Nearby Day Cares Don't Pose Health Risks to Kids: Study
WEDNESDAY, March 15, 2017 (HealthDay News) -- Living near a day care center won't increase your child's risk of catching contagious illnesses like whooping cough, new research suggests.
Obese Moms May Fail to Spot Obesity in Their Own Kids
TUESDAY, March 14, 2017 (HealthDay News) -- Many overweight and obese mothers may underestimate the weight of their obese children, a new study finds.
Health Tip: Promote Peace in a Shared Bedroom
(HealthDay News) -- Kids who share a bedroom may bicker and fight, but parents can help promote a more peaceful co-existence.
Health Tip: Don't Contaminate Contact Lenses
(HealthDay News) -- Germs on poorly handled contact lenses can lead to serious eye infections.
Some Bed Bugs Can Traipse Out of Traps
WEDNESDAY, March 15, 2017 (HealthDay News) -- They may need to build a better bed bug trap.
Why Some Kids Take Longer to Recover From Brain Injury
WEDNESDAY, March 15, 2017 (HealthDay News) -- Brain scans may reveal which children will take longer to recover from a traumatic brain injury, according to a new small study.
Black Americans More Likely to Skip Flu Shot
WEDNESDAY, March 15, 2017 (HealthDay News) -- More than half of American adults don't get an annual flu shot, and black Americans are even less likely to do so because of concerns about side effects, researchers report.
Another Obesity Downside: Higher Esophageal Cancer Risk
WEDNESDAY, March 15, 2017 (HealthDay News) -- Overweight 20-somethings dramatically increase their risk of esophageal and stomach cancer if they become obese later in life, a new study suggests.
Stent Patients Face Higher Risk of Death After Bleeding, Clots
WEDNESDAY, March 15, 2017 (HealthDay News) -- More than a year after getting stents to prop open their clogged arteries, some patients are still at increased risk of death if they suffer either blockages or bleeding events, researchers report.
Which High School Sport Has the Most Concussions?
WEDNESDAY, March 15, 2017 (HealthDay News) -- Female soccer players suffer the highest rate of concussions among all high school athletes in the United States, a new study finds.
Many U.S. Women Have No Access to Fertility Clinics: Study
WEDNESDAY, March 15, 2017 (HealthDay News) -- Nearly 40 percent of reproductive-age women in the United States have little or no access to infertility clinics, according to a new study.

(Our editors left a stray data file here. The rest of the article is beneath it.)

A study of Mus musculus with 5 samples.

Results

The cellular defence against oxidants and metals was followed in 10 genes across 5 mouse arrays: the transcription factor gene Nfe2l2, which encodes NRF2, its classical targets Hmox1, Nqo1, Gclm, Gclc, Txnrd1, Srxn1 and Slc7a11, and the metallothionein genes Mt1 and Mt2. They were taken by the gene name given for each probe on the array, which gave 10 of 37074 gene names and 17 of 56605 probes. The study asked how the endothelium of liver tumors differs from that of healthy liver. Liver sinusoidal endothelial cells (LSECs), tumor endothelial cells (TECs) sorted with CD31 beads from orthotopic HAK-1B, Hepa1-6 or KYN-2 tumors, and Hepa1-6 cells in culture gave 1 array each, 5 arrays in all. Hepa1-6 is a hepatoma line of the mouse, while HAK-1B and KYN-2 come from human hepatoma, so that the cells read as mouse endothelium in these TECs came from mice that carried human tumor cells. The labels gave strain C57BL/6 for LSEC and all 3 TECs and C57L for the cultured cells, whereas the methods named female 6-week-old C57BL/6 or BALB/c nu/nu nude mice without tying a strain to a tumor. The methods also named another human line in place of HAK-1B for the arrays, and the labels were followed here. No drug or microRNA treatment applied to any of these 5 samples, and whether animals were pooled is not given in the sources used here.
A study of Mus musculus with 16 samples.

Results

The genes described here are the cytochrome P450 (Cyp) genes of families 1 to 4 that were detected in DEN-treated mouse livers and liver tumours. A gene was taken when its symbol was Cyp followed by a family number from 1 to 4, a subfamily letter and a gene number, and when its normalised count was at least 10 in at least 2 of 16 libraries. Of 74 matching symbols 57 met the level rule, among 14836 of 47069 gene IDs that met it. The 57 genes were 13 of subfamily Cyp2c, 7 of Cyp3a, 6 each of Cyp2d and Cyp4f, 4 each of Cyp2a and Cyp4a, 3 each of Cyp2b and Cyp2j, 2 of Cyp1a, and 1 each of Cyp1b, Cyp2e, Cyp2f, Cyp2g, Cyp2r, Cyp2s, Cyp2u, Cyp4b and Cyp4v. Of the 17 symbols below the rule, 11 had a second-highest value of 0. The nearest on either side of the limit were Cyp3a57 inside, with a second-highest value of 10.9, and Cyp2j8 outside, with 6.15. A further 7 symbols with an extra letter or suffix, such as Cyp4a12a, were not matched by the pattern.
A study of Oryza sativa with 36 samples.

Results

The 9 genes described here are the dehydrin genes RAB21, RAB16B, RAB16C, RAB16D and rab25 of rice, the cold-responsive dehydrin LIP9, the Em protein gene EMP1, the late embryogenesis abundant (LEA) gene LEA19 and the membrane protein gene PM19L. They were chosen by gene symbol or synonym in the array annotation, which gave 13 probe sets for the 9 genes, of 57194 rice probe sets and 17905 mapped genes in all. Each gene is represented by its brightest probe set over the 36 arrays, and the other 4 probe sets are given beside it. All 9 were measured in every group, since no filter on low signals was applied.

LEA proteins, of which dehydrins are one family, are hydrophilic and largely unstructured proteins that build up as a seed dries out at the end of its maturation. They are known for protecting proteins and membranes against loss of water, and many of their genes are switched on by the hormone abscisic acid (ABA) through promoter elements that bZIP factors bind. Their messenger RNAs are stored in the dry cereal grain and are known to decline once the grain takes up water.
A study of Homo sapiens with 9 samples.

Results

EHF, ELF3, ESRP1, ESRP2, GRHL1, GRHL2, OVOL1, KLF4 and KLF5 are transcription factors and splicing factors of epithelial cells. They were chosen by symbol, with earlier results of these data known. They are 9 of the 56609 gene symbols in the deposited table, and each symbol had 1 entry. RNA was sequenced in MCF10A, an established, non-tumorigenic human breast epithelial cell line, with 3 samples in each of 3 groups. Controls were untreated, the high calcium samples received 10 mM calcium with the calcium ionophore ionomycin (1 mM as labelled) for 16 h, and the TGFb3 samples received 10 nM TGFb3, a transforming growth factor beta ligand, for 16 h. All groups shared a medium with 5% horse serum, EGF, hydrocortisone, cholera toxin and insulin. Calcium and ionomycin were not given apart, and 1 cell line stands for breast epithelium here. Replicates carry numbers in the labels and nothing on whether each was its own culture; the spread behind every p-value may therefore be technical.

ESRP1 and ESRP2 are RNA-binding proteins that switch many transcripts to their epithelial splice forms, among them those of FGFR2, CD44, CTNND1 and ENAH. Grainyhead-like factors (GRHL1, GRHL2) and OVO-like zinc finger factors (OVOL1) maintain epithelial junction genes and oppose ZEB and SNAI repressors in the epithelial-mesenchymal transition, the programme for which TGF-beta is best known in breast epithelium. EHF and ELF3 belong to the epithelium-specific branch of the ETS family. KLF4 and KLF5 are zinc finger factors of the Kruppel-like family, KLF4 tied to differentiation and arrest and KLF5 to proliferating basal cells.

Poor Sleep in Preschool Years Could Mean Behavior Troubles Later
TUESDAY, March 14, 2017 (HealthDay News) -- Preschoolers who get too little sleep may be more likely to have trouble paying attention, controlling their emotions and processing information later in childhood, a new study suggests.
Osteoporosis Fractures May Be Deadlier for Men
WEDNESDAY, March 15, 2017 (HealthDay News) -- Men are more likely than women to die after suffering an osteoporosis-related fracture, researchers report.
Opioid Painkillers and Xanax or Valium a Deadly Mix: Study
WEDNESDAY, March 15, 2017 (HealthDay News) -- Mixing opioid painkillers with common anxiety and sleep medications is a prescription for a deadly overdose, a new U.S. study shows.
Health Highlights: March 15, 2017
Here are some of the latest health and medical news developments, compiled by the editors of HealthDay:
U.S. Medical Groups Sound the Alarm on Climate Change
WEDNESDAY, March 15, 2017 (HealthDay News) -- Climate change is not only an environmental issue, but a major threat to public health, according to 11 U.S. medical societies.
Intensive Treatment Shows Potential Against Type 2 Diabetes
WEDNESDAY, March 15, 2017 (HealthDay News) -- Instead of managing type 2 diabetes as a chronic condition, what if people could beat the disease?
Seniors With Brain Cancer May Have Better Treatment Option
WEDNESDAY, March 15, 2017 (HealthDay News) -- Combined chemotherapy and radiation treatment appears to extend the lives of older patients with brain cancer, new research finds.
Stem Cells Hold Promise, Peril in Treating Seniors' Eye Disease
WEDNESDAY, March 15, 2017 (HealthDay News) -- Stem cells may offer new hope for people losing their vision to age-related macular degeneration, but that promise can come with some peril, new research shows.